Ever since the Detroit Tigers started the 2023 season with a 2-9 record, the team has actually started to turn things around and is threatening the .500 mark as of this writing (morning of May 8th, they are 15-18).

Is it the C-Bush Curse?  Maybe, maybe not.  But Sunday's loss to St. Louis nothwithstanding, they're actually playing some pretty good baseball as we head into the meat of the schedule.


I think it's something else that started this mini-turnaround.  And as much as I've been critical of manager A.J. Hinch (much of it deserved, IMO), I think it really starts with him.  And he deserves credit for what he did in Toronto back in April.


Hinch benched his starting shortstop (pictured above) after a pair of baserunning errors in the Tigers 3-1 victory over the Blue Jays on April 13th.

A few things happened when he did that:

First, Hinch did it the right way.  He didn't embarrass him in the dugout in front of everybody (with all the cameras rolling), he did it in the tunnel from the dugout to the clubhouse (out of the camera's view).  Do it in the dugout, and you run the risk of alienating the player (and possibly other players as well).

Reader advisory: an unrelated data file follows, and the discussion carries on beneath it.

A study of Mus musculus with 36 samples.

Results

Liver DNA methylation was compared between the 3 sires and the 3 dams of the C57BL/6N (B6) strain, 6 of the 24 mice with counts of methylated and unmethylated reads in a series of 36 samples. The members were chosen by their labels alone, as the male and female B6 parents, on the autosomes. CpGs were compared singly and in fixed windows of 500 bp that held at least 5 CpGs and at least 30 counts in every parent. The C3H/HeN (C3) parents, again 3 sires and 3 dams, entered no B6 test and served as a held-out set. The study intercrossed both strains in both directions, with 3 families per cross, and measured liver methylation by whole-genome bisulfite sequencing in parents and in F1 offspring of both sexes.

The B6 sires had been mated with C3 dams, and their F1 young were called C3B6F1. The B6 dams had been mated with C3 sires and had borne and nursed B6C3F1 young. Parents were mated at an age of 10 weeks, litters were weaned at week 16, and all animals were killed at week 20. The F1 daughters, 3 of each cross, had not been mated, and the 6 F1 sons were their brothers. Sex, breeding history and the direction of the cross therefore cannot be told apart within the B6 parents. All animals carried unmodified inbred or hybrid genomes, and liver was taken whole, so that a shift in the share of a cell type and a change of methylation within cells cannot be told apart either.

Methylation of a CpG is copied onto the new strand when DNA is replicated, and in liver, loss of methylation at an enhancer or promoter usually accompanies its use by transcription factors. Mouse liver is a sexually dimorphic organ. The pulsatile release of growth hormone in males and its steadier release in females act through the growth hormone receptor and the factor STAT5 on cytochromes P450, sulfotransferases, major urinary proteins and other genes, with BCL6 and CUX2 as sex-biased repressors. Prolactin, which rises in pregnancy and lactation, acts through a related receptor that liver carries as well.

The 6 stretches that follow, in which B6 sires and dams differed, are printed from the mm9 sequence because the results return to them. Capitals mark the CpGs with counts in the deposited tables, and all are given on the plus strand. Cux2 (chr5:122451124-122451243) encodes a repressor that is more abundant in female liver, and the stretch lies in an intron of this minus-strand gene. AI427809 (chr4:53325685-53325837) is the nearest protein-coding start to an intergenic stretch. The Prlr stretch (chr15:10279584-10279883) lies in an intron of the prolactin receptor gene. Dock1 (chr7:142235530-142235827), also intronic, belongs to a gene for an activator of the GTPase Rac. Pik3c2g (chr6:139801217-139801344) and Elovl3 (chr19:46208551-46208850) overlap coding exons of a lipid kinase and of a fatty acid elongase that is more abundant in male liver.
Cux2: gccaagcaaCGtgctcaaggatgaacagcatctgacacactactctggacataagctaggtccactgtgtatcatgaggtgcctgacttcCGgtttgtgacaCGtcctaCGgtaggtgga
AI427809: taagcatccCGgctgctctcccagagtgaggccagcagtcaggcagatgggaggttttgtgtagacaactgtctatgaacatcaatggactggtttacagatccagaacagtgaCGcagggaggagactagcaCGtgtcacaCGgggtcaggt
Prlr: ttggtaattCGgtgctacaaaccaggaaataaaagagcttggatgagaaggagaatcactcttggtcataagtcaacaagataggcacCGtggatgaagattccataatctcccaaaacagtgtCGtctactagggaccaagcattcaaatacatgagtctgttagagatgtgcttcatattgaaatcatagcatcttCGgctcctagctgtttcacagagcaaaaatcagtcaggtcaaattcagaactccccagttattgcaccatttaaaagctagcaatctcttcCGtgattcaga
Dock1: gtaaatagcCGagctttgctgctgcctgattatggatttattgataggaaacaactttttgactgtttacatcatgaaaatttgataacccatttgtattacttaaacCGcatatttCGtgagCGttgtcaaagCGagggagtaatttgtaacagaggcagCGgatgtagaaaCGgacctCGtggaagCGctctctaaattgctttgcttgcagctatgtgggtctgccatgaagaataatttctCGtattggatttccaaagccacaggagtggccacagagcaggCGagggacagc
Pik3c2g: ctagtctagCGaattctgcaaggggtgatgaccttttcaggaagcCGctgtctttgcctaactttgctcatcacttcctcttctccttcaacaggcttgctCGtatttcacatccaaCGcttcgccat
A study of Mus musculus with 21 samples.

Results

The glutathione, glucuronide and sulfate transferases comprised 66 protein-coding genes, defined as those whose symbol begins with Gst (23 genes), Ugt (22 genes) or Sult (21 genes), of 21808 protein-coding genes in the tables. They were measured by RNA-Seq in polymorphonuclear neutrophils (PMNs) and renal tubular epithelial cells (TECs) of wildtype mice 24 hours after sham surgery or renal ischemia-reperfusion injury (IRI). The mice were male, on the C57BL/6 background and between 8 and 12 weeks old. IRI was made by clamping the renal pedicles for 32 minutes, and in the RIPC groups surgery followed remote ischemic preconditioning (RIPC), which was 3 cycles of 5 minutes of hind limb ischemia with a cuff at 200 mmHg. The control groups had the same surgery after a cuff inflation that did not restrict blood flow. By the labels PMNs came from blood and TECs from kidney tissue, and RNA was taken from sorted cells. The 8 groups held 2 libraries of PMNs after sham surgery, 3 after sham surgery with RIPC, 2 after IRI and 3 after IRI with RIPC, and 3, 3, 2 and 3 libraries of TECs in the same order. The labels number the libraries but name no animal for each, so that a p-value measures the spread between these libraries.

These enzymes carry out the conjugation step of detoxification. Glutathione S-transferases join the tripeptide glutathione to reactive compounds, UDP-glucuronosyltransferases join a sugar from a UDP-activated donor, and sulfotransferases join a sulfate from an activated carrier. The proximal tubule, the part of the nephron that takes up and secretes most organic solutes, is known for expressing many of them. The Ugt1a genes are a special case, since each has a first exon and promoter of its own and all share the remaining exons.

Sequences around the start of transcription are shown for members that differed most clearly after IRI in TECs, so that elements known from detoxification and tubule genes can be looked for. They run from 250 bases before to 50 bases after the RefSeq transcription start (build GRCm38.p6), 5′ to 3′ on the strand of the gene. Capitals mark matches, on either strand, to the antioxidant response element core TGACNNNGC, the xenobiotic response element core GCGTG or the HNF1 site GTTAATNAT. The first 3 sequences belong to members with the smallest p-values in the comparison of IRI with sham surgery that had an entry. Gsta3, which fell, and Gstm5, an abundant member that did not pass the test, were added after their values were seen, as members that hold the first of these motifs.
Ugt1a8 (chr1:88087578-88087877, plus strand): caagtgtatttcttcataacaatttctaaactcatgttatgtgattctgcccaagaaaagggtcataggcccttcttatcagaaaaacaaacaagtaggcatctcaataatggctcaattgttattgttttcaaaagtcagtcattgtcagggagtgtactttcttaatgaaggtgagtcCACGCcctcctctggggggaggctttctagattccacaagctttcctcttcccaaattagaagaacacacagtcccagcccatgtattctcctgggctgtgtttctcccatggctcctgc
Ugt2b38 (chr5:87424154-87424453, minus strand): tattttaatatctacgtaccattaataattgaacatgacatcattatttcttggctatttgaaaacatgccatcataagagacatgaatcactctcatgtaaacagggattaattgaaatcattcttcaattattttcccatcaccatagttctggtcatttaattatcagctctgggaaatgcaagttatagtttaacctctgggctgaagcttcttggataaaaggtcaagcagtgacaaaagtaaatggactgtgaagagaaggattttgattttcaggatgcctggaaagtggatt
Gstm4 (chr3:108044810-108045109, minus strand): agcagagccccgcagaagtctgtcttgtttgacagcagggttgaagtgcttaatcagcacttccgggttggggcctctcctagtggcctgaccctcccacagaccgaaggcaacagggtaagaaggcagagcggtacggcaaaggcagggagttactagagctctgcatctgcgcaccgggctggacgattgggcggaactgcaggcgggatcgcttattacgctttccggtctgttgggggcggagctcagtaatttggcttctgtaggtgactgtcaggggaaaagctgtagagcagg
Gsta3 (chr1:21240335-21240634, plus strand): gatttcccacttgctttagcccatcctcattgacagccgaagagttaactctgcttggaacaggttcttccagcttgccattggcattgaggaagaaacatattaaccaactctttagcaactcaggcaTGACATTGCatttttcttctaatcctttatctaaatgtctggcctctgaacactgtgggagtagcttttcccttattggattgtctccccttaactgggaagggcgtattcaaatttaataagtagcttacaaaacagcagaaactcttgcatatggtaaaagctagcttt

Secondly, it sent a message to the other guys that if you consistently make mental errors on the field, you're going to be taken out of the game.  Whether you're a start player or not.

And finally, Baez has turned it around offensively since the benching.  He was hitting .122 at the time.  As of this writing, he has jumped the average to .259.  It seems that the benching has lit a fire under Baez.


There are other reasons why the Tigers have played better.  Eduardo Rodriguez has pitched great as a starter.  And Jason Foley and Alex Lange have stabilized the back end of the bullpen.

But if you look at the turning point to the season so far, you just go back to April 13th in Toronto.  It's where manager A.J. Hinch sat down his starting shortstop for multiple mental errors.  It's clearly set the tone.


I (and others) have been very critical of manager A.J. Hinch during his time in Detroit.  I fundamentally disagree with his managing style.

But, part of the deal of being in the media is putting that aside and give somebody the credit they deserve WHEN it's deserved.  And Hinch deserves the credit for this mini-turnaround (from 2-9 to 15-18.  Not great, but marked improvement).

Remember, what I say about the fans and the media.  "We're not experts around here.  But we're not dumbasses, either!"